How to Find and Apply for State Financial Aid: A Complete Guide
Every state offers its own resources to help reduce the price of college for students who go to school in their state of residence. Though their requirements may vary, states typically ask students to submit an application for financial aid by a specific deadline, often including the same information that is found on the Free Application for Federal Student Aid (FAFSA). We recommend you complete the FAFSA for federal aid, of course, but you might be unsure about what to do for state-specific aid. In this article, we hope to answer some preliminary questions to help you start.
Where to begin?
Because each state’s requirements, deadlines, and resources are different, you must find out the specifics for where you live. The best place to start is the National Association of Student Financial Aid Administrators (NASFAA), whose website can help direct you to the financial aid options you have available as well as the requirements you need to apply. It may also let you know whether you must fill out anything besides the FAFSA in order to qualify for state aid.
The NASFAA website has helpful information, but you should also make an extra effort to consider other things to look out for:
Be aware of early deadlines.
Note that many due dates for state grants and scholarship applications are set before the dates for those offered nationwide, so you should be prepared by filling out the FAFSA (which becomes available on October 1st of your senior year) as soon as possible.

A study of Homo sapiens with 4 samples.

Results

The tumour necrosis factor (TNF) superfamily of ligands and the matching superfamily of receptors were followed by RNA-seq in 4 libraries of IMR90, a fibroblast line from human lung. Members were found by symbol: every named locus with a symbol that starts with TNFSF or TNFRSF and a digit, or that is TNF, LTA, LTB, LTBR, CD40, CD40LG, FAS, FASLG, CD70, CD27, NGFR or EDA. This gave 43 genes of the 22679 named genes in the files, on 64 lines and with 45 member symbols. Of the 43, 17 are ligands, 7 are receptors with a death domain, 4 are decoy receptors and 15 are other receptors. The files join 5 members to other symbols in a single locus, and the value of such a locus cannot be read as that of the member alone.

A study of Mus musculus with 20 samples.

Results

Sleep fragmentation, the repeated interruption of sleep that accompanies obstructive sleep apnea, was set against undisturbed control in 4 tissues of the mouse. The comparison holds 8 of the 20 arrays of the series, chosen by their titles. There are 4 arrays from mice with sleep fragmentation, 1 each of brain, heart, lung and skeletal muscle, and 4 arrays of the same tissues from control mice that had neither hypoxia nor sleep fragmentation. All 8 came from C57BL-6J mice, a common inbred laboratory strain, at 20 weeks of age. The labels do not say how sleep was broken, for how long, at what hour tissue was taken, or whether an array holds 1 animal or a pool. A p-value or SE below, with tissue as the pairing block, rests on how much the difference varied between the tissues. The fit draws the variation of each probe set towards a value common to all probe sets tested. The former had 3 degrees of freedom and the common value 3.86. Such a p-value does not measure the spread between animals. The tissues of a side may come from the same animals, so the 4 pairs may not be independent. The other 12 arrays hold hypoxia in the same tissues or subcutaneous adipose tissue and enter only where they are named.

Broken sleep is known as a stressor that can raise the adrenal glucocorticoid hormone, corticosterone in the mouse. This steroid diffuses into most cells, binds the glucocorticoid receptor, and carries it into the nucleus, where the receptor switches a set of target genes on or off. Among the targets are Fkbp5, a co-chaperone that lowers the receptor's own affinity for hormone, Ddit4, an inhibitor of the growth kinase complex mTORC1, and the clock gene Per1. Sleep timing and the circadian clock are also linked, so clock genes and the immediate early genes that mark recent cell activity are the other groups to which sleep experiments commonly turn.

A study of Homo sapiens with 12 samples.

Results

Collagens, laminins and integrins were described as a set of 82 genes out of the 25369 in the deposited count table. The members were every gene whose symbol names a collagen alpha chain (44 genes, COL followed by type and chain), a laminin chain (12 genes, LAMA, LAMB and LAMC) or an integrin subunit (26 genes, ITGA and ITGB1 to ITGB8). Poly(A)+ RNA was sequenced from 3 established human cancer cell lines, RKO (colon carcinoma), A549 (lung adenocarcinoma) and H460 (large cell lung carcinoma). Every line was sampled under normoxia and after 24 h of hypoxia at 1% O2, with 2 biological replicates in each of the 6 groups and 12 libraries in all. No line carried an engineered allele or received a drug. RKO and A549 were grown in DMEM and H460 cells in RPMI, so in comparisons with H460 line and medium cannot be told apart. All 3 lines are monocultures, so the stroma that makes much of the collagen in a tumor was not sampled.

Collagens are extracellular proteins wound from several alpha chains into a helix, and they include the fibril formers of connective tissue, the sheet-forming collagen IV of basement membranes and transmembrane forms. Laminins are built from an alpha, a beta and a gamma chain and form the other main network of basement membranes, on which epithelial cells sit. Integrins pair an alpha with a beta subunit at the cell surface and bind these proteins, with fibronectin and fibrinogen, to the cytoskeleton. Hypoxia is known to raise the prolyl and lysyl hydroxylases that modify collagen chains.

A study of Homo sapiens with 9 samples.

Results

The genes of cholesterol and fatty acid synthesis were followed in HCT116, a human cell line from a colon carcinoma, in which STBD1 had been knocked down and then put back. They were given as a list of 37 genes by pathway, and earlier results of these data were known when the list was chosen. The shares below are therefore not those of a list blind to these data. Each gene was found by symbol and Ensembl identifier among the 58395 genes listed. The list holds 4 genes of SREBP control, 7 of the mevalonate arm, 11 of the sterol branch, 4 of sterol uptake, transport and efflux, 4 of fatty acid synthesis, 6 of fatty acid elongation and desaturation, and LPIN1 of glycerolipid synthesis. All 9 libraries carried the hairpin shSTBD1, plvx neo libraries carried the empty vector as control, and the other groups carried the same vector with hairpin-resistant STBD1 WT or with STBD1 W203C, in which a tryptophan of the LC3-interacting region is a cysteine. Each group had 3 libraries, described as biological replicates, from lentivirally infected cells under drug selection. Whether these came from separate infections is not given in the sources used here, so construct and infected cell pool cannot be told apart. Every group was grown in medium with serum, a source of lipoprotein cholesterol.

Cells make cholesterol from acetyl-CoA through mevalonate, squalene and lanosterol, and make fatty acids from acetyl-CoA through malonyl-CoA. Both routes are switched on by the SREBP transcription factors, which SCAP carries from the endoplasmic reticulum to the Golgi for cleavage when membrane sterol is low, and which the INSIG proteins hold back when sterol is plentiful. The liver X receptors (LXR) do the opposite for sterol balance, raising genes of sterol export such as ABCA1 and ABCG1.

Some states have a first-come-first-served policy for grants and scholarships, so the earlier you submit, the more likely you will receive as much aid as possible.
(*Keep in mind that while financial aid offered through the state isn’t available until your senior year, other privately funded scholarships may become available to students early in high school. It is never too early to start familiarizing yourself with the different types of financial aid for which you may be eligible!)
Read the fine print.
In most cases, state grants and scholarships are only available to students who decide to go to college in their home state. Research the requirements for your state and plan accordingly. Even if you plan to attend an out-of-state college, however, you might be in luck—many schools will offer tuition discounts to prospective students who live in neighboring states. Check for your eligibility!
Know what’s available to you.
There are several different forms of financial aid out there, so do some studying and familiarize yourself with all the opportunities you have to help lower your college costs. Your state may offer need- or merit-based scholarships and grants, work-study funds, and aid for minority populations. The opportunities are plentiful, but they are also extremely competitive. Dig around for awards for which you qualify and apply to as many as possible. In-depth research will help you find forms of aid that have a smaller pool of candidates than others, giving you a better chance of winning!
Putting it all together.
Without a doubt, research is the most important part of your application for state-funded scholarships. You want to be certain of requirements and deadlines. You want to be aware of every possible opportunity. You want to apply for as many as you can.
Not only can you do a lot of research online, but you can also talk to your high school school counselor for information and advice. They have plenty of experience, so they are sure to know of different scholarship opportunities, what you may be eligible for, and the answers to any questions you might have!
Financial aid can impact your educational experience in significant ways. College could be more affordable than you think. With a thorough search and diligent effort, you’ll be able to lessen your financial burden and focus more on all the best parts of your undergraduate career.